After an exhausting multi-state campaign tour to support Donna Campbell, Ted Cruz and Mitt Romney last fall, Bill Thomas put on his American flag tie, parked his American flag-bedecked Jeep and walked into the Texas Capitol to savor the fruits of his hard work: the swearing-in of Campbell as a state Senator from San Antonio.
Campbell, perhaps the most conservative of the Senate’s new members, relied on grassroots supporters like Thomas and his wife Georgia to spread her message. Thomas carried a campaign sign—one he paid to print himself, he stressed—that said it all, with but one forgivable typo: “Campbell’s Calvary.”
The 83rd Texas Legislature began on a wet day in Austin, and the various rallies planned outside—for Latino needs, for Texas secession—were crunched inside the building. (Correction: The ralliers for Texas independence braved the rain to hold theirs outside, before heading in.) A particularly motley bunch of activists, looky-loos, road-weary elected officials and well-tanned lobbyists passed each other in the hallways of the Capitol, often at as polite a distance as space would allow.
Bill and Georgia’s signatures were already written on the campaign sign Thomas carried. He said they planned to present it to Campbell after her first day on the Senate floor.
“I was extremely hesitant to get involved with her campaign,” Thomas said. “She had no chance of winning.” But over time, Thomas and his wife, who live well outside Campbell’s district in Copperas Cove, became convinced she was that rare outsider candidate with a shot, and he supported her run against incumbent Jeff Wentworth.
Thomas said he compares Campbell to Genuine Risk, the 1967 Kentucky Derby champion. The horse, Thomas said, was just the second filly to claim the title, with a balance of power and grace that made her a rarity among female horses. “Those few fillies who compete with the guys are always big, huge Amazons who can rough it up,” explained Thomas, whose son operates a horse ranch near Gatesville. “When the gate flew open, she would show her pretty posterior and never look back.”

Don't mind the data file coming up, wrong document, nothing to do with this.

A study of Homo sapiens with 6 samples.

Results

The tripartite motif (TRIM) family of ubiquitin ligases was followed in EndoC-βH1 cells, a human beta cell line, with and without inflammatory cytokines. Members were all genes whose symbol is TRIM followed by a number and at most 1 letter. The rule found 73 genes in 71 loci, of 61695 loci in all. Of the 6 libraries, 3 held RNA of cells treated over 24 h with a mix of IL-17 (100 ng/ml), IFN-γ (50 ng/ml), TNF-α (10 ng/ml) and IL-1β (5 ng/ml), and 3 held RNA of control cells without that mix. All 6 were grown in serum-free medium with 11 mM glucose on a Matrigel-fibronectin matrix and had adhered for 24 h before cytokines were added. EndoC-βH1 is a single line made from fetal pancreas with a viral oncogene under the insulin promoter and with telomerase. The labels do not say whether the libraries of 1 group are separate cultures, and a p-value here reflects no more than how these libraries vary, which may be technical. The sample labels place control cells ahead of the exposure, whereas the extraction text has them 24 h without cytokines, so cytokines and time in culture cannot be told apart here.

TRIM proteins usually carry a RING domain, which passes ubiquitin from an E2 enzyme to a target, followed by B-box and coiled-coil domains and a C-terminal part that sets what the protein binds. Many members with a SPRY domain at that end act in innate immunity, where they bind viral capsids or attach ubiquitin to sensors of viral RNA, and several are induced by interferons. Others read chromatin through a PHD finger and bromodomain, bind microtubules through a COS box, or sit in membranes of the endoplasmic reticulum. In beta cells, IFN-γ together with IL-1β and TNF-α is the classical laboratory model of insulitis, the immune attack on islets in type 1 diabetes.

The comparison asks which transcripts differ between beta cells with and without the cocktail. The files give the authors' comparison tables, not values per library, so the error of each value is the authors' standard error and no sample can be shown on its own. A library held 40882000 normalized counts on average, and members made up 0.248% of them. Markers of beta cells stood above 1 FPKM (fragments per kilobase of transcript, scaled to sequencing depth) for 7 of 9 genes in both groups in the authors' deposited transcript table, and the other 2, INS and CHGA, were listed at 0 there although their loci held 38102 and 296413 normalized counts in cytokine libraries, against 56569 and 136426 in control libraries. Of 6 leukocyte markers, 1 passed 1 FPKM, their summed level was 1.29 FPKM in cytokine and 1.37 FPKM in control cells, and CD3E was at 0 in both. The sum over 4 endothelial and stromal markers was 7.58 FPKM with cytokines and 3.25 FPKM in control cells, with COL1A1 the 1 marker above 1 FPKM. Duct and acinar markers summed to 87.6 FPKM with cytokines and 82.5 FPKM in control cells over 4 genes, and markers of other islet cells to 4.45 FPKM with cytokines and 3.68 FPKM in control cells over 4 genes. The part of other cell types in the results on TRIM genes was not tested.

“I think she’s gonna be a senator of icon status,” Thomas said.
Upstairs outside the House and Senate chambers, demonstrators in wheelchairs silently handed out flyers for ADAPT of Texas, which advocates for accessible communities, welcoming “The Member$ of the 83rd Texa$ Legi$lature.” Beside them outside the House chamber, a serious-faced 60-something woman stood, not handing out anything, holding a hand-lettered sign reading simply, “I’m crazy please help.”
A crowd of secessionists, all of uniform skin and T-shirt color, gathered on the ground floor for their rally for Texas independence, which had been moved inside due to rain.
Next to them in the rotunda, another rained-out rally gathered steam indoors, this one for Hispanics Organized for Political Education, MALDEF and just under 10 other Latino groups.
Texas Democratic Party chair Gilberto Hinojosa fired up the mostly young Latino crowd of about 100. “Let’s stand up and fight. Let’s let them know there are more of us than there are of them.” By cutting education funding, Hinojosa said, “they’re taking away our freedom.”
“We’re just a bunch of crazy Mexicans who want education,” one supporter said. “It’s a pipe dream. Perry will probably never let it happen.”
Other speakers covered issues like immigration, private prisons and healthcare, but the impassioned speeches—which drew curious onlookers from outside the House and Senate chambers—often returned to education.
“The word ‘voucher’ is going to be a big word this year,” yelled Ken Zarifis from Education Austin. He was confident school vouchers wouldn’t pass this session, he said, but “what we have to watch is the cover the voucher gives to corporate charter chains.”
As that rally continued, a young blond guy sped through the rotunda, holding a green sign and looking for his group. “Texas secessionists!” he yelled. “Any more Texas secessionists?”
“They left,” someone shouted above the crowd.